A few years ago, when Toby Jacobson came home from a work trip, a piece of foam he was carrying caught his seven-year-old son’s attention. Jacobson explained the company he works for, Grand Haven, Mich.-based automotive supplier Shape Corp., was collaborating with a German bed manufacturer called Thomas Technik + Innovation (TTI) on an innovative bumper project. Even at his young age, his son realized that a partnership between a company that supplies automotive components and one that makes beds was unique. “Dad, who you working with? Bed, Bath and Bumpers?” Jacobson recalls his son asking.
TTI specializes in the design and manufacturing of bedding systems, including foam mattresses and bed bases. In the early 1990s, TTI started replacing the wood in their bed slats (an alternative to box springs) with pultruded composites. After struggling to find a pultrusion shop that could produce parts that met its standards, TTI created its own pultrusion R&D team to design equipment.
Those efforts eventually led to the creation of the company’s Radius-Pultrusion™ process, which enables the continuous manufacture of curved profiles. TTI has now licensed the process to Shape to help with technology development, testing, product development and scaling up for high-volume production. “Until now there hasn’t been a way to make a continuous curved closed section composite part,” explains Jacobson, a research development engineer at Shape.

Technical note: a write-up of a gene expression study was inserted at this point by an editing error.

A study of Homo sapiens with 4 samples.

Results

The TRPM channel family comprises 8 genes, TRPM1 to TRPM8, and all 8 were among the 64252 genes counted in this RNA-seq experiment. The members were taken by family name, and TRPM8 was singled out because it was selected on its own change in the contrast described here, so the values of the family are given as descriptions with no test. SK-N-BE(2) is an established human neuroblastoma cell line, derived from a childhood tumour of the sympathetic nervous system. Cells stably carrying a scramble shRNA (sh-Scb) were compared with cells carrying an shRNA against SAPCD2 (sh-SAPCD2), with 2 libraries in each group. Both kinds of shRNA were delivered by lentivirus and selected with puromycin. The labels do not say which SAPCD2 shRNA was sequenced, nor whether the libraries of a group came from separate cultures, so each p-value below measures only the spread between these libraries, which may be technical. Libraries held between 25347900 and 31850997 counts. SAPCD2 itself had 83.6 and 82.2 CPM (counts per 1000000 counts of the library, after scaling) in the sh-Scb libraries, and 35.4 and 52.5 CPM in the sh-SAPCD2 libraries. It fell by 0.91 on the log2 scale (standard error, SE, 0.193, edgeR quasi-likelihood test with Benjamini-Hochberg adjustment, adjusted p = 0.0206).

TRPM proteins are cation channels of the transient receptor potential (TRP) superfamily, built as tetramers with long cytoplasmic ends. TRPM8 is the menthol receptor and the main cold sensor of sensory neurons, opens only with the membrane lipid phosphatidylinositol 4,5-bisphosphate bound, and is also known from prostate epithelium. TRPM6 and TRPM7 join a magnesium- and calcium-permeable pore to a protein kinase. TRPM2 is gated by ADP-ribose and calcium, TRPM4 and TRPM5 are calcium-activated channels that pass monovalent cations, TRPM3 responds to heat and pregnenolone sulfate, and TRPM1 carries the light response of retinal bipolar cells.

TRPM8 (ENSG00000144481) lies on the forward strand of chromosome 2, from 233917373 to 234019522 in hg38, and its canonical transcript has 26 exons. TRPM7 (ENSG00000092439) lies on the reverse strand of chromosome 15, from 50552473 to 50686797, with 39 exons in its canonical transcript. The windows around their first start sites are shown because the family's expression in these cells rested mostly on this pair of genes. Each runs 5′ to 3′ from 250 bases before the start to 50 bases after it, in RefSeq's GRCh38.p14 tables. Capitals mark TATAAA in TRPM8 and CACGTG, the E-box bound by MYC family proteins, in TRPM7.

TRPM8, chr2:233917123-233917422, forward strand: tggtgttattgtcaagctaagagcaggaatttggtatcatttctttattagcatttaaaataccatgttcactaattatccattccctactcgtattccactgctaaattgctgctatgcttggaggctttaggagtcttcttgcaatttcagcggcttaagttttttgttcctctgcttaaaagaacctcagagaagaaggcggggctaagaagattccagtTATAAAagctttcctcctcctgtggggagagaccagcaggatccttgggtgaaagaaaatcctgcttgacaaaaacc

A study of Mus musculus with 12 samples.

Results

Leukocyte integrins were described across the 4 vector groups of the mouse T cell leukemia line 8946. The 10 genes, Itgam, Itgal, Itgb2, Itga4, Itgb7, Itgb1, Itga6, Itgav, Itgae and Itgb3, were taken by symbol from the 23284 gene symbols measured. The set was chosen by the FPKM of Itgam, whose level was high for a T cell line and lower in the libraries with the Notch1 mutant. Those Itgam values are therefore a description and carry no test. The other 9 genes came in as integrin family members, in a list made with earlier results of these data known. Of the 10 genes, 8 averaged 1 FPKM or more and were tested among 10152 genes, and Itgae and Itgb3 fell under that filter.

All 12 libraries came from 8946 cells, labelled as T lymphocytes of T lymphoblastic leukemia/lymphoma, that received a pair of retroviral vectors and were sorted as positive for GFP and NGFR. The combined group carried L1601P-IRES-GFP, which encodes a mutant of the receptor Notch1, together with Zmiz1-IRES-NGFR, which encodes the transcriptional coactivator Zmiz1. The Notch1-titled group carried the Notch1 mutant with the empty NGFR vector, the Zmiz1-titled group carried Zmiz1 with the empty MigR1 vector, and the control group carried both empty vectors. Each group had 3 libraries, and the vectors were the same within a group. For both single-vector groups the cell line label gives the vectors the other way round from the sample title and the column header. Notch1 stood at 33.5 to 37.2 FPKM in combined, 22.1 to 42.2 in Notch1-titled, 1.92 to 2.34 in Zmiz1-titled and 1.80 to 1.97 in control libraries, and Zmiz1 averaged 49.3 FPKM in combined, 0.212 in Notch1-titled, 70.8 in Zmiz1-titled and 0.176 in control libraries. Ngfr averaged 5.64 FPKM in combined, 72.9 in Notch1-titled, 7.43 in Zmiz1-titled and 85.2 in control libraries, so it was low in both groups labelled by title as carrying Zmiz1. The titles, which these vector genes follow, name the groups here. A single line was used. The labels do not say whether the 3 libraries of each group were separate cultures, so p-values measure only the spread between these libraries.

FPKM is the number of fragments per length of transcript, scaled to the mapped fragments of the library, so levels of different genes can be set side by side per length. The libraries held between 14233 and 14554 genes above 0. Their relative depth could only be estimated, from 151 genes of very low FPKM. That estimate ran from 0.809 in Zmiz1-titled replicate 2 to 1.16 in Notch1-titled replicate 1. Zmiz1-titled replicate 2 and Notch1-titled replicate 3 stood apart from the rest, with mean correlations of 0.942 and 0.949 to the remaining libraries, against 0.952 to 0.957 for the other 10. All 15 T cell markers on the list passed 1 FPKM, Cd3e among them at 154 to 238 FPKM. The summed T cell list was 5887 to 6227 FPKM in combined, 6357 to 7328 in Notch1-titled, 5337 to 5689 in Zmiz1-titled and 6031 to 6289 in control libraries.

The company’s novel approach was not lost on the judging committee for CAMX-The Composites and Advanced Materials Expo. During last month’s show, Shape was a finalist for an Award for Composites Excellence (ACE) in the Infinite Market Growth category for using Radius-Pultrusion to make a urethane acrylate resin-based composite product that will soon be ready for market.
While Shape intends to market the product primarily to the automotive market due to its high demand for streamlined curved parts, the company says it has received interest from businesses who see potential for curved, closed-channel, pultruded profiles in a wide range of applications, including infrastructure, construction, agriculture, marine and storage tanks. “Very few things in the world are straight,” says Jacobson. “We need curvature, we need different radii and we need things to fit with one another.”
In traditional linear or straight pultrusion, tows and cloths are wetted via resin bath or injection box and pulled through a heated die. The die, which is typically stationary on the machine, consolidates the materials and cures the resin matrix, resulting in a constant cross section part. The material and resultant part is pulled through the die via grippers – typically two functioning in a reciprocating mode aligned with the die. Many systems have an automated cut-off tool allowing for the production of discrete parts cut to a finished length.